SAN BENITO — A scar on the right forearm of 27-year old Santos Vallejo represents many things.
Most see it as a small piece of skin that has yet to completely heal.
But to Vallejo, the scar is the culmination of a lifetime of fear.
It reminds him of all the obstacles, hurdles and difficulties he’s had to overcome to be in the exact place where he stands today.
That’s a firefighter for the Pharr fire department, a sales manager at Sears and above all else an author of his very own children’s book.
But Vallejo’s scar also symbolizes the fear that held him back and controlled his life growing up. The fear of being called “slow, stupid and good for nothing.”
George Addair once said, “Everything you’ve ever wanted is on the other side of fear.”
In Vallejo’s situation, “everything” comprised of virtually everything. From a simple task of reading out loud in front of others, to speaking to anybody that asked a simple question.
As a child, Vallejo was diagnosed with a learning disability that prevented him from normally learning how to read, write and spell. Subsequently, he was put in special education classes until the time he graduated from high school.
However, Vallejo’s transition into adulthood began long before graduation.
At age 14, he began mowing lawns to help his disabled parents pay for the bills. Vallejo charged $20 for any lawn size in hopes of enticing clients to lean his way. For four years, he cut lawns for anybody that would let him, but there was one in particular that he remembers most.
After asking a customer if they needed his services, the man agreed and pointed him to a half acre lot. Vallejo reluctantly agreed.
“From 7 a.m. to 7 p.m. I cut the grass hoping that maybe he would give me a tip, but when I finished he just handed me $20. I cried inside because I was so tired, but I got my lawn mower and lifted it up to my pickup when it burned my forearm,” said Vallejo.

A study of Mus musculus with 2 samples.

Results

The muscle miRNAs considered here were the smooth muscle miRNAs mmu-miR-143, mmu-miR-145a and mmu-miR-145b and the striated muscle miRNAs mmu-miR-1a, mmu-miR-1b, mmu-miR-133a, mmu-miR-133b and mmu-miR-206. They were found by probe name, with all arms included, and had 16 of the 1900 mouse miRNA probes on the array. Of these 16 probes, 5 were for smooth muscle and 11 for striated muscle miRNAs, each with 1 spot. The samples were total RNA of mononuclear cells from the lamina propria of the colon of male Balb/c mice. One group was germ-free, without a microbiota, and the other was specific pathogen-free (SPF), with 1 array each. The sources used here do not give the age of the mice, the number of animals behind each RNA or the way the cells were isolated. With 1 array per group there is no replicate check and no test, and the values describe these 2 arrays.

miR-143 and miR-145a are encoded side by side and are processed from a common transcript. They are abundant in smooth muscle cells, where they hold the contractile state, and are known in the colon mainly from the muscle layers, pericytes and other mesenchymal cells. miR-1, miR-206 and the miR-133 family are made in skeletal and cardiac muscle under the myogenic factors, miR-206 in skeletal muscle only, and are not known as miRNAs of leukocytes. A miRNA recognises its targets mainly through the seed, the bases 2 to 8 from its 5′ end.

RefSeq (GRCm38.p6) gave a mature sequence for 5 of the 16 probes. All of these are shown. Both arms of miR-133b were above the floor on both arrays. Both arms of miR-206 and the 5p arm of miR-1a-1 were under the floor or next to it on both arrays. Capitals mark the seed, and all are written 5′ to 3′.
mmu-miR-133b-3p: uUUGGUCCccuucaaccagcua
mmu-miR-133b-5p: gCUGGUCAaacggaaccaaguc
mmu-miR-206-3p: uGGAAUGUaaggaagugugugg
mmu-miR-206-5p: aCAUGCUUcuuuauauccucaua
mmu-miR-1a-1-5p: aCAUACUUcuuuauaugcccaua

“The next morning it grew to a big boil and I couldn’t cut any lawns because the vibrations of the lawnmower would cause my skin to tear and leak. My father saw my pain and somehow got me a job at Taco Bell.”
To Vallejo the job was a major step up, but it also highlighted the fear he hid from the world. The fear of having to read out loud and talk to number of people at a rapid pace.
When Vallejo was in the fourth grade a teacher told his mother to limit her expectations because at most, he would grow to be was a janitor.
However, despite the limitations placed on him that day, Vallejo’s fears have driven him to rise above them rather than run from them. And that burn scar Vallejo received when he was 18-years old ignited his pursuit of happiness, and his happiness lies in helping others. So much that he wrote a book.
It’s called, “Little Santos against all odds” and it details his life growing up being different. He’s been to 12 schools, five libraries and two Barnes and Nobles around South Texas. With a second book titled, “Little Santos overcomes obstacles.”
“Reading to kids feels good because there are still kids out there with the same problems I had growing up,” said Vallejo. “You can see the tears in their eyes because it touches them, you can see that it does something to them compared to just reading a regular book, because this is real and they’re going through the same things I went through.”
On March 28, Vallejo will walk up in front of 900 students at the San Benito ninth grade academy and tell his story to anybody willing to listen.
Every job Vallejo has job held, he’s done so with an inclination that he tells himself “I’m not suppose to be here” and it’s helped him confront his fears.
The two things fear could not suppress was his work ethic and his will to succeed.